Robert (gurdonark) wrote,
Robert
gurdonark


Yesterday I received very nice mail art from nquisitiv1 and marstokyo. The former was a really neat artistic rendering of the lyrics of a New Order song, while marstokyo's was a really cool photo of her "Day of the Dead" teenytheater (those interested can find it, I believe at www.teenytheaters.com). Last night we rented Serendipity, the romantic comedy in which John Cusack and Kate Beckinsale try to find each other years (and two fiances) after a chance meeting, but my wife fell asleep after a half an hour or so, which was probably a reasonably wise reaction to the film.

Today our church's service was a Days of the Dead theme, and, as is often the case, the "children's sermon" part of the presentation, in which the holiday is broken up into little bite-sized chunks for juvenile consumption, was wiser than the thoughtful and wise "sermon" (or talk or message or what have you--I'm never very PC about my liturgical terms) on inherited tradition and dysfunction. I did like the part when the minister asked during the grown up sermon "Did anyone here come from a FUNCTIONAL family?", and no hands raised. I told my wife that I thought it was unique and novel to actually have a Days of the Dead themed service, but then she reminded me that our church in California had one a few years ago.

We headed over to Mimi's Cafe, where they have a special on pumpkin pancakes now, but the wait for a table was 30 minutes, and the pancake has not been pumpkined for which I will wait 30 minutes for a late breakfast. We therefore headed instead into the older part of town to the Allen Cafe, the wonderful breakfast and lunch neighborhood place located in an old Dairy Queen building. I had pancakes, scrambled eggs and sausage--it was heavenly. I noticed that one of the menu items was "Albanian Salad", which probably marked the first time I knew what the ingredients of "Albanian Salad" might be.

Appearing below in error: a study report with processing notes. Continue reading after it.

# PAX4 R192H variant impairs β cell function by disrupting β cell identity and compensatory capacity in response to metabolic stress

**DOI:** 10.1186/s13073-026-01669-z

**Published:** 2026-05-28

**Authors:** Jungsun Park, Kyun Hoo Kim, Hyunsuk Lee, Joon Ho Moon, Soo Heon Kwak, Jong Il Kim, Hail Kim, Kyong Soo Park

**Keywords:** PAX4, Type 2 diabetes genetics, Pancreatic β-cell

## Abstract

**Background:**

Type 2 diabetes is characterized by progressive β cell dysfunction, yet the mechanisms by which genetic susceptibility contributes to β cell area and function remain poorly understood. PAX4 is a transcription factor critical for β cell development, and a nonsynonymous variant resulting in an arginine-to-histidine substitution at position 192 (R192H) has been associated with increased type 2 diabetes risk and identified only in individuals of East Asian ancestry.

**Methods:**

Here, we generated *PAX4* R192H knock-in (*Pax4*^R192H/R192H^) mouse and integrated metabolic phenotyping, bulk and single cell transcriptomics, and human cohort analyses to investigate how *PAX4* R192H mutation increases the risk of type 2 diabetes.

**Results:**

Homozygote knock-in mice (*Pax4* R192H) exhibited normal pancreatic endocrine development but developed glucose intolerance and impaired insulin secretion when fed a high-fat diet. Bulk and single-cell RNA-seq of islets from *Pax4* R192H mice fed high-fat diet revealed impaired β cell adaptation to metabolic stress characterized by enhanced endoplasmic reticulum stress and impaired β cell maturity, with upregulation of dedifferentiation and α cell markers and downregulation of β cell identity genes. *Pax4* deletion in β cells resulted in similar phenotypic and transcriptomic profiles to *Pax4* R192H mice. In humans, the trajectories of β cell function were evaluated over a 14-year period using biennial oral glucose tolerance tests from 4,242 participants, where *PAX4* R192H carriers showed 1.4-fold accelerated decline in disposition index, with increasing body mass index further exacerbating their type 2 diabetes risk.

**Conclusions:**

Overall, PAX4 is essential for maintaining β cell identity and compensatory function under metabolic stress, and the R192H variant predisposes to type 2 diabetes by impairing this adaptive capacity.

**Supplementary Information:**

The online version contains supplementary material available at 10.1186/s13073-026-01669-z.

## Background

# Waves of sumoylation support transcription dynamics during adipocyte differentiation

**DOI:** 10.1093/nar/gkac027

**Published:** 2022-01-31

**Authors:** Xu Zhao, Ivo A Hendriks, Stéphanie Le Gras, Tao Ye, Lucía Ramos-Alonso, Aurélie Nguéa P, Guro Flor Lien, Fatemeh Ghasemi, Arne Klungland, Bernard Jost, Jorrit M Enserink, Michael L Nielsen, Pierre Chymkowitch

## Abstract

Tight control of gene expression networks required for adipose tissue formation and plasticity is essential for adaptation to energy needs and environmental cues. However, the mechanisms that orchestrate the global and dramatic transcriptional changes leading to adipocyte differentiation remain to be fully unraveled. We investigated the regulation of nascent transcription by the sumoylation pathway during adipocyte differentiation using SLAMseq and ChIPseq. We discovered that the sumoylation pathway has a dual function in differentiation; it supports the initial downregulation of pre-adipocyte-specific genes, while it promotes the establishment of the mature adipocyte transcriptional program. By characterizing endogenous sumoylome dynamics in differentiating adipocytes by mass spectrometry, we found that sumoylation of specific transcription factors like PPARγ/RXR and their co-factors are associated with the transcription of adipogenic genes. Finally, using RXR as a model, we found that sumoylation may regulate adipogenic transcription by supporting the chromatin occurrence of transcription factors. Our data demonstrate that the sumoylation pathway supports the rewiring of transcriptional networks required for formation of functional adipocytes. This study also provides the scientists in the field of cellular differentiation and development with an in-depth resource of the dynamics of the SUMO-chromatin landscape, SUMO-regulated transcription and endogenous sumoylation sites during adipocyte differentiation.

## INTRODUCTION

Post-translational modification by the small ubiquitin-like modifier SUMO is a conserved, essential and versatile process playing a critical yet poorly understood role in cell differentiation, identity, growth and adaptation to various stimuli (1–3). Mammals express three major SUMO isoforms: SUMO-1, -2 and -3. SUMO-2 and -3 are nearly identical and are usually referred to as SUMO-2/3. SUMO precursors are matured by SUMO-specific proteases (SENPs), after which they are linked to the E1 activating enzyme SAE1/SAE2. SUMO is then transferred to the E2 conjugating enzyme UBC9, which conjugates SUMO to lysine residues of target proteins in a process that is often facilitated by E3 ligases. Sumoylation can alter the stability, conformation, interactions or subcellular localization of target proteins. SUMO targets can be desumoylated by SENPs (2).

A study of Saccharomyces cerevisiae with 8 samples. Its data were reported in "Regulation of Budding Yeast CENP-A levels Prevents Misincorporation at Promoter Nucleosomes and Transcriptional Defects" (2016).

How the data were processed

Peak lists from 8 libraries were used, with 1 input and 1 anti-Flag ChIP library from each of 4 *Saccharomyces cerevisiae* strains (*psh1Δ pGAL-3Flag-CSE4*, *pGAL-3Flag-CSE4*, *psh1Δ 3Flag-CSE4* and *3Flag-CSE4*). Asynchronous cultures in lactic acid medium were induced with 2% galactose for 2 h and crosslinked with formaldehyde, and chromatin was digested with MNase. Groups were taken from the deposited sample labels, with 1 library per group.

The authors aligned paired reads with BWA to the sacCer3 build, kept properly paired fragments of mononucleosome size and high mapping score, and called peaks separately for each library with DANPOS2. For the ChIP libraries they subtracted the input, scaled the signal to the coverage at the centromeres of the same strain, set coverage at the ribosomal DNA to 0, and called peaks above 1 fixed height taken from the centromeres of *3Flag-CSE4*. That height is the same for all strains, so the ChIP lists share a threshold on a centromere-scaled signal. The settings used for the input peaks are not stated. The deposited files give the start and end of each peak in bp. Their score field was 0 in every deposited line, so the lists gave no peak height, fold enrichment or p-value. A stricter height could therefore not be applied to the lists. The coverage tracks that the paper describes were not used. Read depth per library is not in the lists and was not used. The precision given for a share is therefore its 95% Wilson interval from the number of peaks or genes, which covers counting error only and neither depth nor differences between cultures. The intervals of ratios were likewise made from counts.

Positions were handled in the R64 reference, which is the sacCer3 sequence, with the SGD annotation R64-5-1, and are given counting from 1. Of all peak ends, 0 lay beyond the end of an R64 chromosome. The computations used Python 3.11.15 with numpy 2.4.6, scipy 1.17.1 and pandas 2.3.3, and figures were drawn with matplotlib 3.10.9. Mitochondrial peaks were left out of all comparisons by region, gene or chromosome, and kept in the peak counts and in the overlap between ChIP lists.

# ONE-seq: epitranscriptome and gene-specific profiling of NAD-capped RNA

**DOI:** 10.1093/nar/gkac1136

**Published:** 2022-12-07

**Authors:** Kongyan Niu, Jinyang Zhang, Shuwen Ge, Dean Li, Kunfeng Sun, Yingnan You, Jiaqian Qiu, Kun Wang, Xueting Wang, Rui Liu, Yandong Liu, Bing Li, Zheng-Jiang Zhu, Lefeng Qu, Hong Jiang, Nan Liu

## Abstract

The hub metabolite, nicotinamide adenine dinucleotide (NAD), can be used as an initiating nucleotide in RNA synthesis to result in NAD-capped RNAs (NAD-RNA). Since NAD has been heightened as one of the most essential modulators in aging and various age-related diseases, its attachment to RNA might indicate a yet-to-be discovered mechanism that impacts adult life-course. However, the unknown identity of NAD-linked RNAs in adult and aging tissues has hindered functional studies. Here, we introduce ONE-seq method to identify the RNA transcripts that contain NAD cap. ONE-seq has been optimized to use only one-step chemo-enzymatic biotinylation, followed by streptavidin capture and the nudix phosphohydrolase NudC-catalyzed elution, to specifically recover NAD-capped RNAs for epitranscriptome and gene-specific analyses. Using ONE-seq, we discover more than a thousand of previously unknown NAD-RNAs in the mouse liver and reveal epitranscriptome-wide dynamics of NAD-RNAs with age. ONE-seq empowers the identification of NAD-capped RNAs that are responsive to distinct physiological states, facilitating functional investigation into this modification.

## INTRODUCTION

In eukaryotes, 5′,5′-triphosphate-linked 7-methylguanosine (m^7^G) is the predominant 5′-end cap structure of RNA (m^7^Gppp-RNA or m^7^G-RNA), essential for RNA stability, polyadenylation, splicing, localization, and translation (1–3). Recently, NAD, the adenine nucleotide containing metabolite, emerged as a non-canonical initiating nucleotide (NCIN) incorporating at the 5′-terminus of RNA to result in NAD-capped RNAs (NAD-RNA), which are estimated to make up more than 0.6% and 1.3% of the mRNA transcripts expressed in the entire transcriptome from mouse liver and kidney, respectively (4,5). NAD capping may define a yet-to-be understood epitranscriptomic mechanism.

I roused myself from the Cowboys game on television to drive down into north Dallas to one of those Barnes & Nobles the size of a high school gymnasium for a meeting relating to nanowrimo.org. For those who have missed the enthusiasm brewing in this journal and in my friends' list folks' journals, National Novel Writing Month is the project in which participants try to write a 50,000 word novel from 11/1 through 11/30. Seven hardy souls, including myself, popped up at the bookstore for a "meet up" to discuss our as yet unwritten masterpieces. Everyone was really cool, if cool is the right word. I was really pleased that everyone had really fun ideas, and nobody seemed too into the "pretension" of being a novelist. I was so impressed by how many people had weblogs, did art, participated in nervousness.org and did extensive gaming or web-based things. I found myself to be remarkably chatty, rather in the way this journal can get wordy and chatty, but hopefully just shy of being a "chatty Cathy". I stayed over two hours, which is rather longer than any social outing I usually undertake among strangers. We all plan to try to meet up again on 11/10 to see how our drafts are coming.

I'm pretty energized about seeing how far I can get with this writing deal. I'm not really that "into" the word count, and I'll count the matter a success if I get 1200 words as well as if I get 50,000. Indeed, as we all discussed matters, it seemed to us that it would be cool to have start an alternative contest/website, National Short Short Writing Month, or Na-sh!sh!wrimo.rog. All of the creativity, none of the pressure. I still plan to just write a long bad poem about my defective little sci fi premise, and see where the stars take me. It'll be much easier writing poetry without having to put in all the artificial line breaks that usually haunt my verse.

Now I'm in my office trying to get a few things done to make an otherwise hectic Monday slightly less hectic. On Tuesday I must travel to Santa Rosa, so I've got much to do.